The question at the outset is this: how does a professional chef make their methods and recipes truly accessible to the home cook? A restaurant chef, as we all know, has years of culinary training, a fully equipped kitchen at their disposal, and a myriad of tricks and secrets that can make or break even a seemingly simple recipe. The home cook, on the other hand, has a few hours of Emeril to their name, a fancy $13 spatula from Sur La Table, and a great propensity to avoid lengthy instructions altogether. What does it take to bridge this gap between professional and amateur? How does one produce a cookbook that is a tasty sampling of a chef's hard earned repertoire as well as an easy to follow instruction manual for any Joe or Jill?
James Beard award winning chef, Caprial Pence, and her pastry chef, Melissa Carey, have co-authored a book of desserts that successfully brings professional cooking into the amateur's kitchen. Although us chefs may not find Caprial's Desserts to be especially challenging, we can certainly take note of the interesting variations on old favorites and more importantly, learn a thing or two about authoring a worthy cookbook for the masses.
Perhaps the single most important point that makes Caprial's Desserts so successful, apart from the tasty fare (and how new is that in the pastry world) is the arrangement of the recipes. A task that could easily have been handled by alphabetizing or simple categorizing, the organization of the recipes has been taken quite seriously by Pence and Carey. They chose to not only separate their recipes into seven distinct pastry and baking categories, but to accentuate basic master recipes upon which numerous variations can be made. The effect of such an arrangement is that the beginning cook is not intimidated by such professional sounding recipes as Pear-Lemon Gingerbread with Pear Wine Syrup for it is apparent that they need only to make a variation on a simple gingerbread master recipe. In addition, after the beginning cook learns the basic techniques in the master recipes, which are in themselves based on professional cookery, they can move onto all sorts of restaurant quality variations as opposed to moving onto another cookbook altogether - certainly a move to be avoided when a chef is trying to achieve a long shelf life for their cookbook.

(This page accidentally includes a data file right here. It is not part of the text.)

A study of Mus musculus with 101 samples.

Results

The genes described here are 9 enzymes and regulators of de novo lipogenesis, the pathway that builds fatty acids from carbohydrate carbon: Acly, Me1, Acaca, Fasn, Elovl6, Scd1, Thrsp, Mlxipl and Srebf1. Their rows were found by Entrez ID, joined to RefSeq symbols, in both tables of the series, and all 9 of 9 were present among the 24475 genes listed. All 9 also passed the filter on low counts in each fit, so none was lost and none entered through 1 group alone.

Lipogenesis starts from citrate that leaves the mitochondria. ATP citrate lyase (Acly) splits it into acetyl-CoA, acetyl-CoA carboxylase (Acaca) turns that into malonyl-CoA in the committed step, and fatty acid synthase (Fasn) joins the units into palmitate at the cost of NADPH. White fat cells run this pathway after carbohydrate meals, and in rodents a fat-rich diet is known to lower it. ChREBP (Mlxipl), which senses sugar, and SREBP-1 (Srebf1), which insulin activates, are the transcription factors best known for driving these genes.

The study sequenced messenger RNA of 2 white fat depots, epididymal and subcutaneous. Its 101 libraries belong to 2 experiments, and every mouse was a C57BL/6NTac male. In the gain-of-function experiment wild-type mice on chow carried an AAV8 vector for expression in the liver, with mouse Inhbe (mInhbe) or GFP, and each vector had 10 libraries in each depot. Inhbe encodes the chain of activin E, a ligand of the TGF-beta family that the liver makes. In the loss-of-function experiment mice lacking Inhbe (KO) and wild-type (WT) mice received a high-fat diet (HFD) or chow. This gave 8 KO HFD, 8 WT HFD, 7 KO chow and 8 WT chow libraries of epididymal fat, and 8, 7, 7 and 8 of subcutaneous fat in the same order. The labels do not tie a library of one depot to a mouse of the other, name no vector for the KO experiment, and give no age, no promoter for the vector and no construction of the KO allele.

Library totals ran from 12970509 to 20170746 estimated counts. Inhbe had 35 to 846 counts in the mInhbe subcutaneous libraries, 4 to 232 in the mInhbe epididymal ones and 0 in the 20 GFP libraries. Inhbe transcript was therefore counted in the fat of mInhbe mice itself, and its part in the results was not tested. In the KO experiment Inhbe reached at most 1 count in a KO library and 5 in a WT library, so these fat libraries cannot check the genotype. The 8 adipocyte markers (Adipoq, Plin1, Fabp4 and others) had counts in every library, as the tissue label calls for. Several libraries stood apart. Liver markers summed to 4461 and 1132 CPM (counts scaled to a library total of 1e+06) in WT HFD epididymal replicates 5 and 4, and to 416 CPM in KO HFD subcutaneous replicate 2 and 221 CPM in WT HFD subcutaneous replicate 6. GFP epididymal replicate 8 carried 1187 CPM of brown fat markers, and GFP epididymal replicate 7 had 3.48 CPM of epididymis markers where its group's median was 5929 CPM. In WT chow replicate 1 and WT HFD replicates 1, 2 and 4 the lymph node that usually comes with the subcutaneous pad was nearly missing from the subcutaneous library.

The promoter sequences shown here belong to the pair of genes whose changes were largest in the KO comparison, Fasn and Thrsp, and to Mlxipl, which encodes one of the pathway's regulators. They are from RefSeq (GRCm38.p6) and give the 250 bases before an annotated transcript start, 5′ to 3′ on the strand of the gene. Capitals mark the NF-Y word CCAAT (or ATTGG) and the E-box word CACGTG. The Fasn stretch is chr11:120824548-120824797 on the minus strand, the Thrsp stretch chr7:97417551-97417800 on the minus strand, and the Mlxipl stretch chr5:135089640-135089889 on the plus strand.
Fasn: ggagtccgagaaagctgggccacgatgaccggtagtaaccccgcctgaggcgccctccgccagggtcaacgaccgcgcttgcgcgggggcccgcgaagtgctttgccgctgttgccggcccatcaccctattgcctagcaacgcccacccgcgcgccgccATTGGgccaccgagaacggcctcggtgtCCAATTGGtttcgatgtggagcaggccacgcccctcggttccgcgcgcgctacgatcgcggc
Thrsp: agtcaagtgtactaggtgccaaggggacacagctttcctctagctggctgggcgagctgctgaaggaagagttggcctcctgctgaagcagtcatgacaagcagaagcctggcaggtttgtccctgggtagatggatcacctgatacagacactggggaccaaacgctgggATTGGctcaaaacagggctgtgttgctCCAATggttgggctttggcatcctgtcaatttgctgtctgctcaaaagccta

Of course organization isn't everything, but then again, with a hundred cookbooks offering perfectly acceptable recipes for apple pie and muffins, what is going to make a cookbook stand out? Caprial Pence and Melissa Careys' Caprial's Desserts is effectively arranged, includes basic recipes as well as unique variations, and has easy to understand method descriptions. There is always the argument that technique could be explained more thoroughly. (Is the home cook going to know that the flourless chocolate cake will be virtually impossible to remove from the pan bottom without a parchment circle? Or that frosting any cake isn't as easy as 'cake layering guru' Melissa Carey makes it sound?) Yet, perhaps this is just one more lesson that the home cook is taught about the professional cooking world - so much is trial and error and should you error, one can always make a variation. . .
Take a taste of Caprial's cooking, try her Flourless Chocolate Cake recipe.